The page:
Mobile Police Chief James Barber on Tuesday debuted a new video produced by the department giving both citizens and officers guidelines for respectful everyday interactions.
The 14-minute video, entitled “Respect for Everyone,” gives tips to citizens on how to avoid dangerous encounters with police officers.
In the video, MPD training Sgt. Charles Bagsby tells citizens to remain calm, to keep their hands where officers can see them, to address officers with respect, to disclose to officers if they are carrying a weapon, to tell officers their name and address, to answer questions truthfully, to comply with officers’ instructions and ask for help if they need it.
Bagsby also gave guidelines for officers on the video — guidelines Barber said were intended for both veterans and rookies in the department. In the video, Bagsby advises officers to treat all citizens with respect, to address adults as “sir” or “ma’am,” to speak clearly and slowly, to explain their reasons for an encounter, to repeat any instructions that aren’t followed and to use discretion in enforcing minor offenses.
“Equal, fair and respectful law enforcement will be the philosophy of the Mobile Police Department,” Barber told the Mobile City Council after showing the video.
Bagsby also tells officers to make decisions based only on the following reasons: witnessing a violation or crime; probable cause or suspicious behavior; or seeking information for public safety. He further advises to not make any decisions based on race, age, religion or gender.
In the video, Barber explains that even routine encounters between police and citizens can be stressful and frustrating.
Uber in Mobile
The council held over any decision on an amended ordinance that would make ride-sharing services, like Uber, available in Mobile. Council President Gina Gregory assigned it the Public Safety Committee and committee Chairwoman Bess Rich announced a meeting would be held on Tuesday, June 30, at 2 p.m.
Toby Roth, a Montgomery-based lobbyist representing Uber, told councilors there is demand for the ride-sharing service in the city and they are “excited” to be available in Mobile. He said until Mayor Sandy Stimpson’s announcement of the service last week, Alabama was one of only three states in the country that didn’t accommodate Uber.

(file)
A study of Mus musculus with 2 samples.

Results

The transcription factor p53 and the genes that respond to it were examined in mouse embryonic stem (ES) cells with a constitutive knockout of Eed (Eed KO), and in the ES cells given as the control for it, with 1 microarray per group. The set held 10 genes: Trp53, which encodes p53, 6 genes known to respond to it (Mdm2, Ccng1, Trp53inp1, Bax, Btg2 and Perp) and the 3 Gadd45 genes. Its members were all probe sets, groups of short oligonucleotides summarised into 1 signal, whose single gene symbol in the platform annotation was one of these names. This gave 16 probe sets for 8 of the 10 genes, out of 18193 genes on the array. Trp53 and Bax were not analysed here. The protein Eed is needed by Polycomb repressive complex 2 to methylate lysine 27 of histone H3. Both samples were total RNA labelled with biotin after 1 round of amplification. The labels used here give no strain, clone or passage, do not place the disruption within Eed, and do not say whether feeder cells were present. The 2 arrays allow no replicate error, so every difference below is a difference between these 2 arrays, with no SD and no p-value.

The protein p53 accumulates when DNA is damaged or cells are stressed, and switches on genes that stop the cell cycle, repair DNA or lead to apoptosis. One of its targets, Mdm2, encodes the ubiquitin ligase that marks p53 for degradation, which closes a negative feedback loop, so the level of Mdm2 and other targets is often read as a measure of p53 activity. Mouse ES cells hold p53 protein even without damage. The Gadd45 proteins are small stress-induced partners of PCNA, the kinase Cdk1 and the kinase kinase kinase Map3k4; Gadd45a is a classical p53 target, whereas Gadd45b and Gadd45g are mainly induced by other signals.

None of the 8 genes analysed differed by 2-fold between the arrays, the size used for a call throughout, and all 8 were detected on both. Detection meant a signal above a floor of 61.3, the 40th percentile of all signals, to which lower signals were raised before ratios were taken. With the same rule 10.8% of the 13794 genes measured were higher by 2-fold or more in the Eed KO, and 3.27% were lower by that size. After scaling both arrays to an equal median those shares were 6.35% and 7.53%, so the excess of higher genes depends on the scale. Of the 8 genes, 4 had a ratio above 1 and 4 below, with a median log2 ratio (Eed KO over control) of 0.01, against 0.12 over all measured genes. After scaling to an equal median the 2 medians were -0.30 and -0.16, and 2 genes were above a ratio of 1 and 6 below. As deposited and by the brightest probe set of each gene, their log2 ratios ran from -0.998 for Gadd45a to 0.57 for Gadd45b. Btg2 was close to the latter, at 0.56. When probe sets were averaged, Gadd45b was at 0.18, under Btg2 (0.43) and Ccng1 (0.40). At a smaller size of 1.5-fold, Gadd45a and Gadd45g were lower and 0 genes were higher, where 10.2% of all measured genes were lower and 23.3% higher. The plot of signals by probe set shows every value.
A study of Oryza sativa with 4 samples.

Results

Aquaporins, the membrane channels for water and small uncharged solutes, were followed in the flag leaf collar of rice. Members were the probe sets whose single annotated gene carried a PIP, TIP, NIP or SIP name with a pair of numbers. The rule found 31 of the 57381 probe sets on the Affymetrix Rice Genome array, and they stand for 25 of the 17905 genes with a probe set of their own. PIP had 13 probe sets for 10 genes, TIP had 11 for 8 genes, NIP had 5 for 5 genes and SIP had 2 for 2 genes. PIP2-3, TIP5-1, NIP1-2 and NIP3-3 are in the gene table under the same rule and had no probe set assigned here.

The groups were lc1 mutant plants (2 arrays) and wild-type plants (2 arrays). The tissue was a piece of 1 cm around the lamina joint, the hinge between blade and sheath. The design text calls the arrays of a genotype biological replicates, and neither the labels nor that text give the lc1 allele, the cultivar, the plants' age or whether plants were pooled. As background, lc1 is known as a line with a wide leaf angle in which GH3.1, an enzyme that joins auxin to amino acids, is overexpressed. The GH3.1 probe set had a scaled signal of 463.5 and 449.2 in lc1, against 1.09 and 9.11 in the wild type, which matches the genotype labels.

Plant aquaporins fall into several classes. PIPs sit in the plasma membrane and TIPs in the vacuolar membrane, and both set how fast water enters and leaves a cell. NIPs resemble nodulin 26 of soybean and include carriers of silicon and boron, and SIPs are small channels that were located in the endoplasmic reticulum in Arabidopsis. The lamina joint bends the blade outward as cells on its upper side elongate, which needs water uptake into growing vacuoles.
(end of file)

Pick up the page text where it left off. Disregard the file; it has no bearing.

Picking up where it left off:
Jarrod White, an attorney representing Mobile Bay Transportation, which is owned by State Rep. Margie Wilcox of Mobile County, mentioned safety concerns linked to Uber’s short-lived service in Tuscaloosa. He insinuated that an Uber driver there was found to have an expired license and was suspected of using drugs while driving.
Councilman John Williams criticized White’s remarks, asking for only proven facts when debating Uber legislation over the next three weeks. Councilman Levon Manzie, who co-sponsored the Uber ordinance with Stimpson, agreed.
White further urged the council to consider “a level playing field” when making any decisions on the smartphone, app-based service, specifically referring to differences in insurance coverage requirements and background checks for Uber drivers.
Meanwhile, Uber is currently operating in Mobile and will continue to have the green light as long as the amendments are on the table, Stimpson Chief of Staff Colby Cooper said. He said Mobile is following a formula used by 45 other cities nationwide that allows the service to operate pending council approval.
Paris Air Show developments
Mayor Sandy Stimpson, his spokesman George Talbot and councilmen C.J. Small and Fred Richardson were in France this week to attend the Paris Air Show. Within the past week, city and state economic developers have touted at least three new developments at Brookley Aeroplex, including the introduction of Paris-based Hutchinson Corporation to support Airbus’ final assembly line. Hutchinson may provide as many as 150 jobs supplying the aerospace industry with audio and thermal insulation, among other products. More news from Paris will be presented at next week’s council meeting.
In other business
The council approved three contracts worth a total of nearly $1.5 million for projects to upgrade sidewalks and ramps within the central business district to make them compliant with the Americans with Disabilities Act. The contracts went to Asphalt Services, AECOM Technical Services and Terracon Consultants.
The council also entered into a cooperative agreement with McGowin Park LLC to provide maintenance along Satchel Paige Drive.
The council also approved a contract with C. Thornton Inc. for sidewalks along Old Shell Road in the Village of Spring Hill. The $188,797 contract is mostly funded by $161,015 in federal transportation grants. There is a $40,253 local match, which the village is providing.
The council also approved a number of transfers Tuesday to allow for more ditch repairs citywide.
Finally, the council also approved a certificate of public convenience for Clifton Shaw, who asked the city to allow him to add a “high-profile function” to his sedan service.